Life & Style | Beauty & Fashion

‘I don't consider myself a designer'

He might have wanted to be a doctor, but if Sabyasachi Mukherjee gets tired of his day job, he can always focus on his other love — food

  • By Manjari Saxena, Deputy Editor tabloid! on Saturday
  • Published: 00:00 February 2, 2012
  • Tabloid

  • Image Credit: Virendra Saklani/Gulf News
  • Indian designer Sabyasachi Mukherjee

Mukherjee was bringing his collection, Peeli Kothi, another revival series, to Dubai and explained how revival has become the signature of the brand. "Every brand has a DNA and, for us, it's moving fashion into more traditional and textile-based design," he explained. "Even Chanel, for the longest time, have been doing tweeds and the black and whites. So it's important that with so many players in the market today it's very important for the brand to be synonymous with something."

Indian clothing is becoming more popular by the day in the western world, what with Hollywood stars adopting it as formal wear — even Oprah Winfrey wore Indian clothes when visiting India earlier this month. What did Mukherjee think was the reason for it?

"To some extent it's true that Indian fashion is bright colours and bold patterns. But when a country like India has so much colour to celebrate, I don't think it needs to homogenise itself. When the cultural history of India automatically has so much to offer to create an identity of your own, why do you need to be apologetic? What I've seen is that the Western world is now wearing colours whereas we are getting into blacks and I think it comes from a deep sense of shame as a lot of Indians still tend to carry the baggage that as Indians we don't always get accepted — the colonial hangover. So I tell the Indians bring on your fuschias and oranges and just be yourself."

Dignified draping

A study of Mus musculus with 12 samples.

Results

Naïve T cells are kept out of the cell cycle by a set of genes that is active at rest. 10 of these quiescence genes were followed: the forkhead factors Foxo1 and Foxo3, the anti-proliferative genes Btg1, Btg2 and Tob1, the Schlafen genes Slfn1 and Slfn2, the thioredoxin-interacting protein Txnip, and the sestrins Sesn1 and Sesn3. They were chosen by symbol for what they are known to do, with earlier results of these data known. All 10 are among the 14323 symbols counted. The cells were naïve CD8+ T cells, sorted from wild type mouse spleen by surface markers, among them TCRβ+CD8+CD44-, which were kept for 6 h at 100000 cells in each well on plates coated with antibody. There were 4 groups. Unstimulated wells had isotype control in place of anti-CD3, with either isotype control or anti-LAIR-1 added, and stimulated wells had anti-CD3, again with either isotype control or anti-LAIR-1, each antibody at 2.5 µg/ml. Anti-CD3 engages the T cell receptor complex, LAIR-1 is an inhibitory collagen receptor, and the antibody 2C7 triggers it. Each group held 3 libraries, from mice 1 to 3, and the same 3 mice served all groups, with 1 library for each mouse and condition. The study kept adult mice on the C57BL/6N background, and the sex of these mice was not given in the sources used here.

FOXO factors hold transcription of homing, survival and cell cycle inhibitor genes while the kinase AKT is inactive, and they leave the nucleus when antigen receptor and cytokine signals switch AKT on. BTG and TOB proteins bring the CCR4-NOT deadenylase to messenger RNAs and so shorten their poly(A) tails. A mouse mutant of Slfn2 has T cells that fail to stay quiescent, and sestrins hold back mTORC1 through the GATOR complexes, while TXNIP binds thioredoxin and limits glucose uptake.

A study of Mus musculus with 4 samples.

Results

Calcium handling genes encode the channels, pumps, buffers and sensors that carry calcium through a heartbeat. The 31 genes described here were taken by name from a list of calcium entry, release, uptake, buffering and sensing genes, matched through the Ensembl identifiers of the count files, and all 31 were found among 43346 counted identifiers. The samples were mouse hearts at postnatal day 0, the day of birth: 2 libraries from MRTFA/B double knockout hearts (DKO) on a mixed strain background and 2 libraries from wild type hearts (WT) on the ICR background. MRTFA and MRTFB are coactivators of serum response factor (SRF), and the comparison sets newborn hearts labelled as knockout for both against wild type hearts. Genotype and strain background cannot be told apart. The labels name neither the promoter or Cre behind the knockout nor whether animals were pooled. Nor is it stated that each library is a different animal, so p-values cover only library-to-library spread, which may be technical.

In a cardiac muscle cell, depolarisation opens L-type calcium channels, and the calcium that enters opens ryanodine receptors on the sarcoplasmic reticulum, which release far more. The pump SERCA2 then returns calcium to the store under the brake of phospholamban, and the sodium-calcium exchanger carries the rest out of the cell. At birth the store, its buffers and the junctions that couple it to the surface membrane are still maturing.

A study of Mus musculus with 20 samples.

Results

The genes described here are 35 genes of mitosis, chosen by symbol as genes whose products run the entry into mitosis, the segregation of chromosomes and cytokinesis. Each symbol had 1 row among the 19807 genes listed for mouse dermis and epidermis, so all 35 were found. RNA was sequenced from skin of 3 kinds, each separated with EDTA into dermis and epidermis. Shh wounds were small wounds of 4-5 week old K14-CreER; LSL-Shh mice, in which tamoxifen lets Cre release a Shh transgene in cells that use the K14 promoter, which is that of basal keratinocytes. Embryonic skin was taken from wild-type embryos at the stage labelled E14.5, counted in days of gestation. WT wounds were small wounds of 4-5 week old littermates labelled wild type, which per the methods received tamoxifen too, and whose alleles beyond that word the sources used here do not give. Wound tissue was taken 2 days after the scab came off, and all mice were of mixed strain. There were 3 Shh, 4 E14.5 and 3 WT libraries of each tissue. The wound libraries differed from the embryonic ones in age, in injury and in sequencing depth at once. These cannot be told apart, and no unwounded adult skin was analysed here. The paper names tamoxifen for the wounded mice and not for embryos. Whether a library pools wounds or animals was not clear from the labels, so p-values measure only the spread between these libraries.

Mukherjee prefers women to be a little conservative in their dressing. Talking of Pakistani silhouettes, he explained that he loves them because "there's a lot of dignity in the drape, the style and the way they carry it and is very feminine and sensuous".

I turn to Oprah Winfrey and her visiting his store in Mumbai. Mukherjee said it was Winfrey who sought him out. Her god-daughter and some of Winfrey's entourage had visited the store and told her about it.

"When I first met Oprah, I'd joked that my sari travelled to her show but not me. Aishwarya [Rai Bachchan] had worn my sari when she was on The Oprah Show and she'd [Oprah] really liked it," he said.

Designer to the stars, 38-year-old Mukherjee is constantly surrounded by beautiful women but we've never heard of a Mrs Sabyasachi or a girlfriend...

"You probably don't see my girlfriends — sorry girlfriend — because they are tucked away in Kolkata. How would I define my private life? Boring as hell. I don't watch a lot of television. I never party. I watch few movies in the cinema but I love having street food. I just go for a quiet walk on the roads after 10pm. That's my life and I'm very happy. And when I'm really depressed I go into a park and talk to the trees. So I don't have a very colourful life. Just because you are in fashion, it does not mean it has to be glamour, sex, dope and girls all the way. I don't think I have the fashion DNA in me. I was going to go into medicine. I don't consider myself a designer. I just say I make pretty clothes."

So what inspires him to create fashion?

"For me inspiration is very tactile. I don't sketch too much, but prefer to work on a live dress form and my inspiration comes from anything — from a packaging, from a carpet I've seen, from a hair band someone's worn, from a personality, from music I've heard or a film I've seen, maybe the colour of food and the way it's been presented.

"My mind is like a silent camcorder that records everything that goes on around me. And when I actually sit down to conceive a collection, thoughts that have been stored away in the deepest recesses of my mind keep coming back," he said.

Mukherjee is moving beyond designing and will be turning TV show host this month and is working really hard to take two weeks off in summer to visit Spain. Inspired by Zindagi Na Milegi Dobara?

"Bang on!" he laughs, giving me a high-five. "But I always wanted to go to Spain. In fact, I like places with a rich food culture and lots of sunshine — Spain, Tuscany, Mexico, Greece, South of France, southern Italy... At some point, I want to be a food writer and do a food show. I love eating food in local restaurants to find out the flavours. I don't really want to go to London, Paris or New York, not that they're not beautiful places but because I feel I'm a very rustic person."